For those of you who don’t know me, my name is Brian Teixeira and I am a member of the junior class here at Williams. I am also a member of the men’s ice hockey team. Actually, I am a PROUD member of the men’s ice hockey team. Recently, the team has come under heavy scrutiny in response to an incident involving a couple of players. I do not seek to justify their actions. I only seek to put the allegations levied on our team into perspective.
When I am seated in the locker-room and I look over my right shoulder, I see an active member of the Church community. When I look over my left shoulder, I see a ‘Big Brother’ who devotes time and effort to elementary school students. As my eyes gaze from locker to locker, the trend continues. In short, I see a collection of honest, loyal and selfless student-athletes.
Unfortunately, many members of the Williams community fail to see what I see. The individual efforts of many members of the hockey team to serve the community have gone largely unnoticed and written off as singular efforts, while the poor judgment exercised by a couple members in a recent incident has been generalized as an extension of team character. This is simply unjust.
If you take any 25 Williams students selected in an arbitrary fashion, I guarantee you that at least two or three of them have gotten into trouble during their four-year tenure. I don’t think there is a single person on this campus that has not done something he or she regrets; many of these regrets involve security and sometimes the WPD.
In the case of the men’s hockey team, an entire team is being held accountable for the actions of a few individuals, a few good-hearted individuals who made a poor decision. They are loyal people who I am confident would defend me if the scenario was reversed, and if it was my poor judgment that cost the group as a whole.
With the athletics-academics debate still raging, certain members of the community are looking for a poster-child to support their notion that athletes, specifically helmet-sport athletes, are not socially or academically qualified to be members of the Williams community. It seems as though they have chosen the men’s hockey team to serve this function. However, the fact still remains that by and large, the hockey team has done a stellar job in the classroom as well as in the many services and activities that make up our community.
Last spring’s athletic report made many such allegations, and because they were published in the academic year’s last issue of the Record, students had no opportunity for rebuttal. One such claim stated that “Men’s Varsity Hockey Players are 93% more likely to take easy courses,” and implied that many of these courses were located in the same (“easy”) majors and that the existence of this trend was evidence of “anti-intellectualism” and “clear disengagement” in the classroom.
Of the 14 seniors and juniors on the men’s hockey team, there are three economics majors, two history majors, one political science major, one math major, one psychology major, one art studio major, one economics/English double major, one psychology/political science double major, one history/Spanish double major and one math/economics double major.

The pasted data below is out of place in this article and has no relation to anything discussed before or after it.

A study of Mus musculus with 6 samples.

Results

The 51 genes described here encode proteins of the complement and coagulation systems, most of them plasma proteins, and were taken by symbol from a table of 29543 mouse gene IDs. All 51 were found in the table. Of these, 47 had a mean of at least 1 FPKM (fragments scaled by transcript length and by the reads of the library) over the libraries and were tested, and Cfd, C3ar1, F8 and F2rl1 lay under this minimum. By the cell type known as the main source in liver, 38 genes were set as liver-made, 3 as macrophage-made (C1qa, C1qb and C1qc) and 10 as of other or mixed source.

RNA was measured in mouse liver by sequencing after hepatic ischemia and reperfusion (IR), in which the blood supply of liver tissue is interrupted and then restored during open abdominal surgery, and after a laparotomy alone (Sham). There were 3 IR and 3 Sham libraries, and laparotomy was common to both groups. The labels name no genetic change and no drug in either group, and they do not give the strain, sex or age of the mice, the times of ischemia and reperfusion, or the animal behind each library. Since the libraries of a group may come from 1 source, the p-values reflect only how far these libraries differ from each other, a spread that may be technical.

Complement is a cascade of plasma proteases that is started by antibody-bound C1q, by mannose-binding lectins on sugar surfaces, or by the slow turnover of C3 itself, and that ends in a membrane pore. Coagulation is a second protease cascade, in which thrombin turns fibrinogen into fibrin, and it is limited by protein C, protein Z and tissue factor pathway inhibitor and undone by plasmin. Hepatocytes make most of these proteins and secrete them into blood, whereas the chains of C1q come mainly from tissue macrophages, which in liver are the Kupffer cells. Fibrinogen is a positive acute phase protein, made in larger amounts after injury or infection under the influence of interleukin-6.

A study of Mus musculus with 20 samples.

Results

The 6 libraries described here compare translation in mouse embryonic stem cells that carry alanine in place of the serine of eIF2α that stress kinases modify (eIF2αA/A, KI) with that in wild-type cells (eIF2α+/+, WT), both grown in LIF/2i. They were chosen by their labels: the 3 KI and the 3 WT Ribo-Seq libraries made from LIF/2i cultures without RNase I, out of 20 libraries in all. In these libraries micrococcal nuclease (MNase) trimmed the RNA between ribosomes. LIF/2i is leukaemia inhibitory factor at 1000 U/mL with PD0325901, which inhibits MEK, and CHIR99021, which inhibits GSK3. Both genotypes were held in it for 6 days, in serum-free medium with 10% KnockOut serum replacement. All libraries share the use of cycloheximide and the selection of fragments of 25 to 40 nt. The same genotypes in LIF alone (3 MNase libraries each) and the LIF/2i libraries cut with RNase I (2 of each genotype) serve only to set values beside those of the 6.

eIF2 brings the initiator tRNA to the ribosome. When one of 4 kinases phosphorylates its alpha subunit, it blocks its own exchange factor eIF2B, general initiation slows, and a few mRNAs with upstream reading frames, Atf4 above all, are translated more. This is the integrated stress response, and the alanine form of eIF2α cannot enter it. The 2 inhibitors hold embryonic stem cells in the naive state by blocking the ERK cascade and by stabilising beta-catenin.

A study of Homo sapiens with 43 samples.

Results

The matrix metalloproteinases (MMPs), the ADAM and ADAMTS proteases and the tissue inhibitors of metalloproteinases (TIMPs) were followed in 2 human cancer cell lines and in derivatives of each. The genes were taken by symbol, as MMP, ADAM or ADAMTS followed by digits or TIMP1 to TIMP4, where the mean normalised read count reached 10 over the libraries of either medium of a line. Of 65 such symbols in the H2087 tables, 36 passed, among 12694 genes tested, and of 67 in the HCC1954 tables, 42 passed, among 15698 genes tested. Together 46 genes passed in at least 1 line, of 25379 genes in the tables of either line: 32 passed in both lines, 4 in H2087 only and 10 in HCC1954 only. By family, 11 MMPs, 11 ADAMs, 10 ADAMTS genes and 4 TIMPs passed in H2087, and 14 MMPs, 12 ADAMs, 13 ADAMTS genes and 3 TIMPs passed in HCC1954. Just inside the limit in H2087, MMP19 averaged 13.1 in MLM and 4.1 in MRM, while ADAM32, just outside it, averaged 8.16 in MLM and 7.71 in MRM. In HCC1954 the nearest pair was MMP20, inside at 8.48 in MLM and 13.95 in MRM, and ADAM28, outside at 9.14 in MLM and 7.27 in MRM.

Such an array of majors flies completely in the face of accusations that helmet-sport athletes are likely to take similar (“easy”) courses concentrated in the same (“easy”) major and belies the notion that these athletes are “disengaged” and “anti-intellectual.”
It is also crucial to note that “easy” is a relative term. Whenever you rank courses in order of difficulty, which is an extremely opinionated practice, there will inevitably be a most difficult and a least difficult course. This does not necessarily make the least difficult course “easy.” If you had to rank Organic Chemistry and Abstract Algebra in order of difficulty, one course would inevitably have to be considered more difficult than the other.
This is the logic that was used last spring in an effort to persecute helmet-sport athletes on this camp us. At an institution that prides itself on providing one of the top liberal arts educations in the world, I find the notion that there are “easy” courses available both debatable and disturbing from a consumer (student) and producer (College) standpoint. I have been under the impression that my tuition dollar has been funding an elite education. Any courses that fail to meet such a high standard should be remedied by restructuring the course NOT by eradicating the individuals who have opted to take the course.
Lastly, I directly question the methodology employed in determining what constitutes an “easy” course. This, however, is another issue that needs to be addressed at a later time. As a member of the men’s hockey program, I have found the first few weeks of what should be a promising year to be very trying, as my affiliation with the hockey team has served as a social handicap.
The community has treated us differently and judged us as individuals based on some isolated incidents involving members of the team, many of whom have long since graduated. As a team, we accept full responsibility for the actions of these individuals and we would like to apologize to the Williams community for any disruptions that these incidents have caused. We do not condone their actions. We do, however, recognize that people make mistakes from time to time that they ultimately regret.
We request that you do not do the same by passing premature judgment on the many fine members of the men’s hockey team that I am so proud to call my teammates.